The adage goes that “states are the laboratories of democracy.” However, left unchecked, rising far-right activity at the state level combined with nascent networks of legislators that have joined these far-right groups and the unending fuel of online misinformation threaten to turn states into crucibles of the corrosion of our democracy.
Harkening to egregious periods in our history, it is also important to remember that “states’ rights” have too frequently been a call to defend white supremacy and deny fundamental human and civil rights to broad segments of our society.
The current numbers are staggering. Nearly twelve percent of all state legislators in the country (almost twenty-two percent of all Republican legislators) have joined far-right Facebook groups. Collectively, those legislators have been responsible for sponsoring close to one thousand pieces of anti-human rights legislation. Early data suggests that things could be getting even worse.
The findings of this report suggest that this problem is not about the former president. It’s not about #MAGA. Across the country, far-right groups have quietly breached the mainstream without the cacophonous fury of an insurrection.
No longer confined to backwoods musters or clattering away in some dank corner of the internet, far-right ideas are increasingly normalized and mainstreamed by elected officials like those documented in this report.
What happens in Springfield, Olympia, or Tallahassee, doesn’t stay in the halls of state capitols. Thanks to these networks, far-right bills and the conspiracies that propel them spread far and wide. And like farm clubs in sports, state legislatures often act as a stepping stone to higher office. Today’s state representative could become tomorrow’s U.S. Senator.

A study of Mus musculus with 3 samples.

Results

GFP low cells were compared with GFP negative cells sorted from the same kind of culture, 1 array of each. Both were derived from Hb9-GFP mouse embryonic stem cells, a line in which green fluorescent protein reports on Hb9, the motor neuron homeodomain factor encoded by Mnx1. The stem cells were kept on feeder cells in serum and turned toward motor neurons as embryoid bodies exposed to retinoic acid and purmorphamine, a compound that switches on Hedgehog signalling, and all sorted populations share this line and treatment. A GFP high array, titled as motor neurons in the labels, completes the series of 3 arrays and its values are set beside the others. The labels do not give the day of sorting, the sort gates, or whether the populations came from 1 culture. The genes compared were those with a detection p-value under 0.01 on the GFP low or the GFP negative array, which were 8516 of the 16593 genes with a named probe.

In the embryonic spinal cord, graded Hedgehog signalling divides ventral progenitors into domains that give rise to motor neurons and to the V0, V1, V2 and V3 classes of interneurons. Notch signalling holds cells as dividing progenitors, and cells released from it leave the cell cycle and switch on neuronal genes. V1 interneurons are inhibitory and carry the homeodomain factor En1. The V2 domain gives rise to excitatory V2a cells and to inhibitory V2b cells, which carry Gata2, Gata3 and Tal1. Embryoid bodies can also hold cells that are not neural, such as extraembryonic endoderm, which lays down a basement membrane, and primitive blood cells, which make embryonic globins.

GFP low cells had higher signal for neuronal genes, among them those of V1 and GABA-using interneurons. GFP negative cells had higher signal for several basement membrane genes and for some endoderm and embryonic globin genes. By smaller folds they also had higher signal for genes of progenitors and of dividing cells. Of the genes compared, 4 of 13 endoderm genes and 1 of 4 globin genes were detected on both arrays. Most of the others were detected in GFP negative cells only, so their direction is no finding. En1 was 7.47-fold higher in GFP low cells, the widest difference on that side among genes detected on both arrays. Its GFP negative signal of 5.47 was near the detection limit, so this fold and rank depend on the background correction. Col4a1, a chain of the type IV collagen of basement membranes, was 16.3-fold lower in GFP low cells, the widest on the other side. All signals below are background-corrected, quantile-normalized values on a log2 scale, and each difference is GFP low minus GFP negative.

Much attention has focused on the Supreme Court’s rulings that erode voting rights and women’s reproductive rights. However, concern about what the Supreme Court has done, or will do, should not inure us of what is happening in the halls of state legislatures around the country.
The impact of the Supreme Court’s imminent assault on women’s reproductive rights, voting rights, the rights of the LGBTQIA community, public health, and much more could be devastating in myriad ways. Yet, at the same time, it is crucial not to lose sight of what is happening in the states and their legislatures. Like the Mississippi anti-abortion law upon which the forthcoming Supreme Court decision rests, state-level far-right laws play a central role in corroding democracy and human rights. Emboldened by changes in the national legal context, the states and their legislatures are poised to pounce.
The problem is not merely partisan squabble. Instead, the future of American democracy depends on the outcome of this fight. Sustained, long-term efforts to defend democracy and reclaim human rights will be necessary to uproot far-right ideas from corridors of power, disconnect the disinformation pipelines, and rebuild our nation in a way that lives up to our ideals.